All rates except for the one-year note rose in April. The yield curve grew from the previous month thus ending its one month narrowing streak. The one-month bill did not maintain the lowest rate at any point in the month. Long-term rates rose at a faster pace than short-term rates thus neutralizing the risk of an inversion brought upon by rising short-term rates. Such an inversion, if it were to happen would be a strong indicator for an upcoming recession. A side note: several financial analysts have recently pointed to inversions between particular rates like the three-year note having a higher rate than the five-year note as being indicators for a recession. The data does not back this up. The only type of inversion that has led to a recession reliably is one in which the highest rate is a shorter-term treasury than the lowest rate. This is the only inversion that has predicted a recession seven out of eight times since 1962. According to this measure, there is no recession in the foreseeable future.
- All rates dropped in April.
- The 20-year and 30-year bonds saw the largest absolute gain at 0.12 points.
- On a relative basis, the 20-year bond rose the most with a 4.56 percent gain.
- The one-year bill saw the largest absolute drop at 0.01 points.
- On a relative basis, the one-year bill dropped the most with a 0.42 percent drop.
- The one-month bill did not maintain the lowest rate throughout the month or at any point in the month.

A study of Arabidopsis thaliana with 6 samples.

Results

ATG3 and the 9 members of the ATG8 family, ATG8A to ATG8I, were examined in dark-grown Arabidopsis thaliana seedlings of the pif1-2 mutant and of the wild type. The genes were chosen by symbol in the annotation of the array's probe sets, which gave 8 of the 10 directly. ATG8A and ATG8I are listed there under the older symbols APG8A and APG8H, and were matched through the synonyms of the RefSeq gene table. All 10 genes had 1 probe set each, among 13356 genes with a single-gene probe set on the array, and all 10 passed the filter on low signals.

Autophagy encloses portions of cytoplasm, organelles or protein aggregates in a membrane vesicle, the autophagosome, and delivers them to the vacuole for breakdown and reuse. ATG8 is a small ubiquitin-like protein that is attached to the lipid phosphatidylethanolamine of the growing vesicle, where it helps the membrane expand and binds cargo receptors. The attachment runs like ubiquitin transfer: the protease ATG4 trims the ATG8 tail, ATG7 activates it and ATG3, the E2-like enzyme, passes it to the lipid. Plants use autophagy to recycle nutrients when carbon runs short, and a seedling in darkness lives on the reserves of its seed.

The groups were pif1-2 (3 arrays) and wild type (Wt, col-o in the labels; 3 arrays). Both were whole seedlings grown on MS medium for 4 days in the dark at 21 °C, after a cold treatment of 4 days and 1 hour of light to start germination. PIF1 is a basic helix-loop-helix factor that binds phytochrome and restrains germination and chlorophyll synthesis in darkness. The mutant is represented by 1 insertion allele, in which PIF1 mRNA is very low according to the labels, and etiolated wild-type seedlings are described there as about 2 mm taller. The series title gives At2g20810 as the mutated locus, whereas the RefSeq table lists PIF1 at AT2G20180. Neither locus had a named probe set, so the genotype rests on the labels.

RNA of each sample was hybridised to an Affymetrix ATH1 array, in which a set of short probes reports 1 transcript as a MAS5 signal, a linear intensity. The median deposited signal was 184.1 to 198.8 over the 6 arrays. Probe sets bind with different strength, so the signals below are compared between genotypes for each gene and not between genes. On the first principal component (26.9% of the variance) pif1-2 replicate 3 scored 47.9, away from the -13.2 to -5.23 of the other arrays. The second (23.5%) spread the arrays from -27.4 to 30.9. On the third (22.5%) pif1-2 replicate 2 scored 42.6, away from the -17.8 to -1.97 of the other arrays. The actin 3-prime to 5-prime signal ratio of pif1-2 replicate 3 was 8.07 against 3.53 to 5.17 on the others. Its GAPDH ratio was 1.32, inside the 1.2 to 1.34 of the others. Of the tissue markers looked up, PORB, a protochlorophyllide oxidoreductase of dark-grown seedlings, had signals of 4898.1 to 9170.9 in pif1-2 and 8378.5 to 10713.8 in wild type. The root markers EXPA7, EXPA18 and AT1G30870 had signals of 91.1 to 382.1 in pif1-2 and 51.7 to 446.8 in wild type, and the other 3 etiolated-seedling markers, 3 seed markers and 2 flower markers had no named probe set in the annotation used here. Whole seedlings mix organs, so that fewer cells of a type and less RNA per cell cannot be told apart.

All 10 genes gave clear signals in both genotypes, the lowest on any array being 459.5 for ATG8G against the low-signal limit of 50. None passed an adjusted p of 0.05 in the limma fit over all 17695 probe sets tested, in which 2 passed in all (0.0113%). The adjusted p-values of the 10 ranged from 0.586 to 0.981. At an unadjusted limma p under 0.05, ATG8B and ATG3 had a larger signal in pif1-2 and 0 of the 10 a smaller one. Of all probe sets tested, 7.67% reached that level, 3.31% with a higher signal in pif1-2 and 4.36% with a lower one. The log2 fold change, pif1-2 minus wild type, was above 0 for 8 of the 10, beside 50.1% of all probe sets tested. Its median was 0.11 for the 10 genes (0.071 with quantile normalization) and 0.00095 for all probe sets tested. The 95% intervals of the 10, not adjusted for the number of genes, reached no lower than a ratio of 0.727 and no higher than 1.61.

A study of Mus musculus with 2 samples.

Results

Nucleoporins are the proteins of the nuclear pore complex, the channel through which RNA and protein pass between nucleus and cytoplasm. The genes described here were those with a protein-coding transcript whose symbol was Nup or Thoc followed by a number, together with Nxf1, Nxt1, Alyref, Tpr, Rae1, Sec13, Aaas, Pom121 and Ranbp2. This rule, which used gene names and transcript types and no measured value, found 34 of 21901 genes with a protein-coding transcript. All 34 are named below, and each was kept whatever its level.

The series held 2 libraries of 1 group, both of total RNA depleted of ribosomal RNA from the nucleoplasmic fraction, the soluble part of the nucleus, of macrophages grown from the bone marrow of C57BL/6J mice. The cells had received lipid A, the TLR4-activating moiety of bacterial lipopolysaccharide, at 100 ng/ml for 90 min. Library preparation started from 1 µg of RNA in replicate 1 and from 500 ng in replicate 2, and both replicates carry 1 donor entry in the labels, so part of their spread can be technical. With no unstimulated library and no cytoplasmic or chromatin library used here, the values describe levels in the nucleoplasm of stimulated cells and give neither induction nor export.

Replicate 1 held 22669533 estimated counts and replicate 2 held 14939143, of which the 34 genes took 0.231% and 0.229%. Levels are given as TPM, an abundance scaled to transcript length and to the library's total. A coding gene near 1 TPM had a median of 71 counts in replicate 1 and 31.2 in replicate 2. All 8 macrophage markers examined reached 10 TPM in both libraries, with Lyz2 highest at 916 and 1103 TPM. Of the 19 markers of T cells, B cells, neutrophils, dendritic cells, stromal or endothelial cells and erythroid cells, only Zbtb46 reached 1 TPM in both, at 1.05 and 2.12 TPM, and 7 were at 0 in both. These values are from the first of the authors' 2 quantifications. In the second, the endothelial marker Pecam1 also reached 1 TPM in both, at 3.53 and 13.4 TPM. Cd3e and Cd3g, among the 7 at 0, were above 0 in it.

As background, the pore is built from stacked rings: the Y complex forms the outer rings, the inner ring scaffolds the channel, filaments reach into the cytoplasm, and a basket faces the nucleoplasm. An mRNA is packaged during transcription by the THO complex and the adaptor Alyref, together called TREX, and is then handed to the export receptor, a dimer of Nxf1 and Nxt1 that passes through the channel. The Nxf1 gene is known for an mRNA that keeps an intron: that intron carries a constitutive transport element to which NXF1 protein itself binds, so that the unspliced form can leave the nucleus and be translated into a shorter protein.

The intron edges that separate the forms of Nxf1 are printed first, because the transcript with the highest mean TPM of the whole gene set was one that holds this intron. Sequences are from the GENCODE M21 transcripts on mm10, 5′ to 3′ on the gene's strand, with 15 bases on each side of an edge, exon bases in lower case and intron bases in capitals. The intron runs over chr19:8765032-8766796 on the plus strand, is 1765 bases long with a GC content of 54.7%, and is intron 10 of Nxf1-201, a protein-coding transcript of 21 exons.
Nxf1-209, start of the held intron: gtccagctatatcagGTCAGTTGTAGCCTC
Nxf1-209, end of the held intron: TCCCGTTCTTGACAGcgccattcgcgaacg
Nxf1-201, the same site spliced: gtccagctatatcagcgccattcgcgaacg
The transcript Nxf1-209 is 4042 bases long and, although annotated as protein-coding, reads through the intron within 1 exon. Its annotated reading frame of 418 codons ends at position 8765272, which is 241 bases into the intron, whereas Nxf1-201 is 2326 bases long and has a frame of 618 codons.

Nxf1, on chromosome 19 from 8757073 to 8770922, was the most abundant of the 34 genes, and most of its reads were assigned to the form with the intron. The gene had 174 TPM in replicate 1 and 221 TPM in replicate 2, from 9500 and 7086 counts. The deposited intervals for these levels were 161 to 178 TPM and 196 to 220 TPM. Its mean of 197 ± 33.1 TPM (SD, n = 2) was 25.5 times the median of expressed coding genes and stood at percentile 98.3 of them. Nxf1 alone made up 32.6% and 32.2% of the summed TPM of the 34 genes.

- The yield curve rose 0.08 points to 0.66.
- As always, past performance is not indicative of future results.
- All figures are rounded to the nearest hundredth.
The breadth of the yield curve widened 0.08 points over the month to a range of 0.66. The widest range was 0.66 (0.03 points lower than the previous month's widest range of 0.69) which was hit on April 29 and April 30 and the narrowest was 0.58 (the same as the previous month's narrowest range of 0.58) which was hit on April 1, April 15, April 16, and April 18. The last time the yield curve was this narrow was on March 29, 2019 when it hit a range of 0.58.
The thirty-year bond held the highest rate throughout the month. It has risen above 2.90 percent on April 3 and has not gone below it since. It should be noted that all other rates remained below the 3 percent threshold throughout the month. The last time the 30-year rate hit this month's low of 2.81 was on March 29, 2019 when it was at 2.81.
The one-month bill did not hold the lowest rate for any session of the month. The three-year note held the lowest rate throughout the month. The one-month did not hit a new 12-month high ending its one month streak of new 12-month highs. The last time the three-year note held the lowest rate was on March 29, 2019.
"Treasury Constant Maturity," Federal Reserve Bank of St. Louis, accessed May 5, 2019, https://fred.stlouisfed.org/categories/115.